Mueller Won't Let Indicted Trump Aide Gates Leave House For Christmas, Take His Kids To School

Richard Gates
Richard Gates arrives at the Prettyman Federal Court Building for a hearing November 2, 2017 in Washington, DC. Chip Somodevilla/Getty Images

A judge sided with special counsel Robert Mueller Thursday in refusing to release an indicted aide of Donald Trump from house arrest so he could leave his home for Christmas—or take his children to school.

In the court filing, Mueller says the aide, Richard Gates, is a flight risk and shouldn't be allowed to leave his home, at least not yet.

Gates was indicted last month along with his business partner Paul Manafort, who worked as the chairman of Trump's campaign. The pair was arrested as part of the probe into Russian meddling in the 2016 presidential campaign. They are both facing a dozen federal charges, including conspiracy to launder money, conspiracy against the U.S. and unregistered agent of a foreign principal.

A judge placed him under house arrest after the indictment and gave him a $5 million bond.

Gates asked for the order to be lifted so he could take his children to school every day, to birthday parties and other extracurricular activities, claiming being stuck inside was preventing him from working and causing an added struggle on his family. He also asked he be able to leave for Thanksgiving and Christmas.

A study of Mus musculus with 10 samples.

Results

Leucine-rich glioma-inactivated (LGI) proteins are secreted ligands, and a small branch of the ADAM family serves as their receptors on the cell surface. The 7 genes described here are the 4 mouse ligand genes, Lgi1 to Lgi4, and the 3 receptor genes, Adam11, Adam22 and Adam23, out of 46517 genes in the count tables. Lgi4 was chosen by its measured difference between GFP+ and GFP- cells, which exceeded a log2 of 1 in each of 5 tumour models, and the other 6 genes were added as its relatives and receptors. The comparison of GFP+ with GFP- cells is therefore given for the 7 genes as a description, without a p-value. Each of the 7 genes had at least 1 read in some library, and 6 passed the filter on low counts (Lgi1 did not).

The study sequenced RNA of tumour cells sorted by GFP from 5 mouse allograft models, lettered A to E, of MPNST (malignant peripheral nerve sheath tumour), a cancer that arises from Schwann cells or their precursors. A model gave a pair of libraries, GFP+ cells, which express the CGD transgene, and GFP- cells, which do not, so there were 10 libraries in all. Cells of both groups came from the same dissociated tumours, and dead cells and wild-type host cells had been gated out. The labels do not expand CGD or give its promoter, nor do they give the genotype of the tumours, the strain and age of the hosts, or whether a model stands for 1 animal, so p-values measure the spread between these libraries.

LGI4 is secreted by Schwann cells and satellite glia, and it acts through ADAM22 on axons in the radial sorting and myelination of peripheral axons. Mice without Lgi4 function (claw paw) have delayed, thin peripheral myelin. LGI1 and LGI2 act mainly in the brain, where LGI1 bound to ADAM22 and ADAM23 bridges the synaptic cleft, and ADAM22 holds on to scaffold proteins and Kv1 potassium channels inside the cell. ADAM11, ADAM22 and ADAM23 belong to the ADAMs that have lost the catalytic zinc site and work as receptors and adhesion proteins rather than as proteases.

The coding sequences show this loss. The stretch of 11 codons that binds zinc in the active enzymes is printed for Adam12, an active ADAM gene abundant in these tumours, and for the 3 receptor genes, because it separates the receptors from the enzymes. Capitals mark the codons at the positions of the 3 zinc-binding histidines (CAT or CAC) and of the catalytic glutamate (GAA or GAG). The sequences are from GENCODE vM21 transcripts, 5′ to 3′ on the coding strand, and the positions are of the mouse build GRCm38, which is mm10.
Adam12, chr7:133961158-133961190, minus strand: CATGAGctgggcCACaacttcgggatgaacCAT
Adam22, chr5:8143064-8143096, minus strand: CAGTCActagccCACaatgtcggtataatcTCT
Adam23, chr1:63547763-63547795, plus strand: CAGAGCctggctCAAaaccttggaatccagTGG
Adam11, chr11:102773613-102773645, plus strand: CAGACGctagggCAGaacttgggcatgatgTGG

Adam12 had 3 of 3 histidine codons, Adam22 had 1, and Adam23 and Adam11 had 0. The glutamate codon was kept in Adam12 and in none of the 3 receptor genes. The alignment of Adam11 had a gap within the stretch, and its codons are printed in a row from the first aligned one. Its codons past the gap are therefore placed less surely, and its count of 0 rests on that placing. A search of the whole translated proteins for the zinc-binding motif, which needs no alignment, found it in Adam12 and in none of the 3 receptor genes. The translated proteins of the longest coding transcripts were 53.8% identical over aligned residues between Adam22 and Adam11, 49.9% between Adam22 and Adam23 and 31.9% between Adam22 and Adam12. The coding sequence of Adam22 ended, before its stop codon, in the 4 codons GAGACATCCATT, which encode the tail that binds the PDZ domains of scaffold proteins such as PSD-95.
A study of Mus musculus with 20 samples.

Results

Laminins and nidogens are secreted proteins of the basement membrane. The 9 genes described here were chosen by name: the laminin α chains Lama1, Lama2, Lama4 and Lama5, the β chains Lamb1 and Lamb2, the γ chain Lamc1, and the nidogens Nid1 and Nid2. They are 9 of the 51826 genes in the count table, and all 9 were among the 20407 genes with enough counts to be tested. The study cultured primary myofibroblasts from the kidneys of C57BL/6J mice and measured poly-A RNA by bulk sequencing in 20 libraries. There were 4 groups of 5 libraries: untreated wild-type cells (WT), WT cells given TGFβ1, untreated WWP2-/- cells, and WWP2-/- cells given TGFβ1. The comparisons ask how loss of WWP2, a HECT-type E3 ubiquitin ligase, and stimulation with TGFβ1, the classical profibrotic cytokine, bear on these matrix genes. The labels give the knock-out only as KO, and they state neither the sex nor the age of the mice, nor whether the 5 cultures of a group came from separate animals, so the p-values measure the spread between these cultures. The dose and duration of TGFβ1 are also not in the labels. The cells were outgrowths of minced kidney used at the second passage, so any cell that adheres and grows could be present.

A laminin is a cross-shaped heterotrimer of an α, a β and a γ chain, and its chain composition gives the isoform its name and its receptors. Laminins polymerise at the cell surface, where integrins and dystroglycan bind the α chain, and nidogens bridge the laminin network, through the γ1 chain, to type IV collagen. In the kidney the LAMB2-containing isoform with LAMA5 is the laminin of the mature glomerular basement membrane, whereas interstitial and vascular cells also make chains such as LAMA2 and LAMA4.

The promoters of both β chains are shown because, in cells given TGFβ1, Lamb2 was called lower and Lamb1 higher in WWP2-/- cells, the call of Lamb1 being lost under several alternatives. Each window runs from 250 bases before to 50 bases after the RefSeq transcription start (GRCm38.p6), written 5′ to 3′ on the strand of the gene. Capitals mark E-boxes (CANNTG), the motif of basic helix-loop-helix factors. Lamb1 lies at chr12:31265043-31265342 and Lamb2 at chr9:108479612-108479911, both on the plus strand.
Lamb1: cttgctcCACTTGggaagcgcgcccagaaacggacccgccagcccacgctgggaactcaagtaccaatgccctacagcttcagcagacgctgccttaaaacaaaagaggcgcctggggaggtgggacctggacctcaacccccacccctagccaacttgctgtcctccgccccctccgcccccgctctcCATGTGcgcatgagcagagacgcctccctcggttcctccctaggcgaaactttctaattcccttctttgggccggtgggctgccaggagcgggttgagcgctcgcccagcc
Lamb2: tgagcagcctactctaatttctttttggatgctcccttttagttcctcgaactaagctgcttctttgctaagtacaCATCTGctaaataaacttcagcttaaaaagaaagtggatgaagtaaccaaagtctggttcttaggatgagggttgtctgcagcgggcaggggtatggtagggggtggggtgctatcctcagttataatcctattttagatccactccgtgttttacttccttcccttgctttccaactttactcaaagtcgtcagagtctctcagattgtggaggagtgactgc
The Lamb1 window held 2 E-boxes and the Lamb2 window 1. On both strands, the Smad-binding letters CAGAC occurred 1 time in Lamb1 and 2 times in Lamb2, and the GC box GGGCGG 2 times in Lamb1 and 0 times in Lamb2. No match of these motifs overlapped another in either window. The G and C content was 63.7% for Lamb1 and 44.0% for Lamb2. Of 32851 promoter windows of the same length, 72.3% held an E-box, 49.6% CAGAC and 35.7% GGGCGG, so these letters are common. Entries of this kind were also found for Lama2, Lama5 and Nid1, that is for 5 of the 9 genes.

Prosecutors have said they've had problems determining both Gates's and Manafort's wealth. Mueller said that's still an issue and something that should be resolved before Gates's house arrest is lifted, explaining Gates has "failed to answer a series of questions about his assets.

"The government continues to have concerns about the accuracy of the defendant's account of his net assets," federal court documents show.

Mueller said Gates has lied over the course of the investigation, first saying that he had "limited assets that include only a single home" when his most recent financial statements show a securities/brokerage account is valued at more than $1.3 million and he has a total net worth of more than $3.4 million, federal documents show.